Jeff Lee’s first stop at this home is the box holding the water meter. He furrows his brow upon finding the meter submerged.
“Looks like the neighbor is overwatering, otherwise this would be dry,” he says.
Draining the water with what looks like a giant syringe, he begins watching the meter with the home not using water. No leaks.
As homeowner Jeremy Peters watches, Lee turns on the sprinklers, zone by zone, still watching the water meter. On his clipboard, he notes that they run longer than needed for this lawn.
Walking around the yard, he points out that two sprinkler heads are too short, leaving puddles around them. Also, two drippers are close to the trunk of a mature tree when they should be hitting roots farther away.
It will all be in a report that Lee, a water conservation specialist for the Town of Gilbert, will leave with Peters, whose wife requested the visit.
“It takes an hour or so, but it’s worth it,” Lee said. “I think I’ve already found the culprit here.”
With Arizona in the grip of a decades-long drought, Gilbert is among municipalities in the Phoenix metropolitan area offering free home water audits to reduce waste.
Lee said Gilbert performs more than 300 audits a year.
“If they have problems with their hardware, we’ll tell them what to correct. If it is over-watering, we educate the homeowner on how to get their watering dialed in with their landscaping needs,” he said.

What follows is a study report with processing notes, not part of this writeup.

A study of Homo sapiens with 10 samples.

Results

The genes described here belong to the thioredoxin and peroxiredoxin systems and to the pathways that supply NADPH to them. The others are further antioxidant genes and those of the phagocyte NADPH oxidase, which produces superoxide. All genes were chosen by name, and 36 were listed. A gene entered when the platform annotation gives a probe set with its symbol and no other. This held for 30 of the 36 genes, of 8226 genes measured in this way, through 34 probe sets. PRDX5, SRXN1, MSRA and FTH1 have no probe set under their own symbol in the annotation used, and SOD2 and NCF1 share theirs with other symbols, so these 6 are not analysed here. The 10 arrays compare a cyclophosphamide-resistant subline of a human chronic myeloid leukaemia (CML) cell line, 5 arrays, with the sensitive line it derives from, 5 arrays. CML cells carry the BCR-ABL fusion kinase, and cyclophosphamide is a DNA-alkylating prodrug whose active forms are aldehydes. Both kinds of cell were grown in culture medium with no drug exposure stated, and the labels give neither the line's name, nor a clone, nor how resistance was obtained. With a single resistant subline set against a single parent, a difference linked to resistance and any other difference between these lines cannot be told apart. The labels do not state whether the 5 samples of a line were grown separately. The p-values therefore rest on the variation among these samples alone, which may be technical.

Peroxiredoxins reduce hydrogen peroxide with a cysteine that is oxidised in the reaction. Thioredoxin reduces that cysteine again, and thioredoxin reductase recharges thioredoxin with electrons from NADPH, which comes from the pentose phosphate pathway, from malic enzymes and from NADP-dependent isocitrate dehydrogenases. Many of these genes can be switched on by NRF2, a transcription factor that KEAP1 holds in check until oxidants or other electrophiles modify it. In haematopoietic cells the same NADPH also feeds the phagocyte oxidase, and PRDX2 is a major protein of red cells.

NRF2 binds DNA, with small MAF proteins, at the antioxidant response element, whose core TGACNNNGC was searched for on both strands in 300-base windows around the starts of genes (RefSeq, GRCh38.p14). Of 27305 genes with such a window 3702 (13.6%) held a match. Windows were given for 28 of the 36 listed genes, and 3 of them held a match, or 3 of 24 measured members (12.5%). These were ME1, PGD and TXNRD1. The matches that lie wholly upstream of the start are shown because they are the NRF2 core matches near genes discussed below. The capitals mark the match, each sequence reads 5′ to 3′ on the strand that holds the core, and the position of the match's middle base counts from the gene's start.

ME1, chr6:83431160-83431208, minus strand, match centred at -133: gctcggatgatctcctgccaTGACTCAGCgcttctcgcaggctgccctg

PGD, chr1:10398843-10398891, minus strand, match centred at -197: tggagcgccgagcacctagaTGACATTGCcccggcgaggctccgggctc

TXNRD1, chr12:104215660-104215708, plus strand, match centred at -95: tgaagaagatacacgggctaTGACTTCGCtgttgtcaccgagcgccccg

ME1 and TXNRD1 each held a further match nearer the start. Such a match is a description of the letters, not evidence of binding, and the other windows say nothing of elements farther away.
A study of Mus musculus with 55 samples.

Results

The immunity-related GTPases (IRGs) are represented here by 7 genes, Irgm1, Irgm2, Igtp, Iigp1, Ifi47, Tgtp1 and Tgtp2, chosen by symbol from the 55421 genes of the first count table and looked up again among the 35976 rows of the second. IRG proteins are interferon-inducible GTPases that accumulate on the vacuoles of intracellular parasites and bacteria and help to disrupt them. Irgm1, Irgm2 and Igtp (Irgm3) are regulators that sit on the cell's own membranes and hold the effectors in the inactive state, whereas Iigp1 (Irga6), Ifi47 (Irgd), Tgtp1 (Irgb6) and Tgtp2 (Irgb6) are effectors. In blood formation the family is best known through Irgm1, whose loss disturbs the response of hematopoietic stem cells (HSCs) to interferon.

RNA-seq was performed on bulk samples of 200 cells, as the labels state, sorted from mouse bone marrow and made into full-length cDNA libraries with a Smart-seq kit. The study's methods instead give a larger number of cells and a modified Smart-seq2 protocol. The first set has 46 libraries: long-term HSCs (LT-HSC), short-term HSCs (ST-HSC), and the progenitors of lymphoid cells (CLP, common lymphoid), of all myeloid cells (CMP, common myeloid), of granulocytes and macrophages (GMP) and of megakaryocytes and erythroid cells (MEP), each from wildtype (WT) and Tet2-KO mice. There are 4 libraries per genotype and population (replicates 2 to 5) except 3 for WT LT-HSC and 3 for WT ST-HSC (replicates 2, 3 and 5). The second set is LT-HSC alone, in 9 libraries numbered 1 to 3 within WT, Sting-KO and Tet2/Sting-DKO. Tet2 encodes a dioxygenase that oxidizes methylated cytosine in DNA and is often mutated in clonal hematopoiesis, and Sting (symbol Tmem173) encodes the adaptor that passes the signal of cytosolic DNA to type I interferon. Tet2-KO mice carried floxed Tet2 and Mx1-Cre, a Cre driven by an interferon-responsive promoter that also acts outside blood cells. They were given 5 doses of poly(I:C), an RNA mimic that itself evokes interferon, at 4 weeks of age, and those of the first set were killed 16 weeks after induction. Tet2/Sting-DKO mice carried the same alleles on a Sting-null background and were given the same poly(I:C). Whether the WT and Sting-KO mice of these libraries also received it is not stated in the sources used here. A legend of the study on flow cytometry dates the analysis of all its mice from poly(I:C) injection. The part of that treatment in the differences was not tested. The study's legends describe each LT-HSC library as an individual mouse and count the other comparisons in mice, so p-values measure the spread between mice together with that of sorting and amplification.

Lee said most people requesting an audit think they have a leaking pipe, but 98 percent of the time, he said, landscape watering is the culprit.
Gilbert homeowner Tim Holmes requested an audit after realizing that his usage had gone up over the previous year. Lee found that Holmes was using more than double the water necessary for his landscaping.
Between unnecessary drip lines and an incorrect watering schedule, he was inadvertently wasting thousands of gallons of water.
“I hate water waste,” Holmes said. “I’m very glad he came out here and gave me an education, and I’m committed to getting this fixed right away.”
Avondale, Gilbert, Glendale, Goodyear and Scottsdale are among municipalities offering free water audits on request. City officials may reach out to homeowners as well if their water use rises suddenly.
“Our auditor is a certified arborist as well as a water specialist, so he can educate you on which desert adaptive plants will thrive in your yard,” said Nicole Sherbert, a spokeswoman for the Scottsdale Water Department.
Kerry Schwartz, director of Arizona Project WET, a University of Arizona center that educates about responsible water use, said the audits are one way residents can learn how to be better stewards.
“If a few people do it, it’s just a drop in the bucket. If we all did it, we could really make a difference,” she said.
Lee said the average water audit winds up saving about 40,000 gallons a year.
“By us going out and minimizing water resources we’ll have to procure in the future, we’re doing everything we can to make sure people have safe, clean and affordable water,” he said.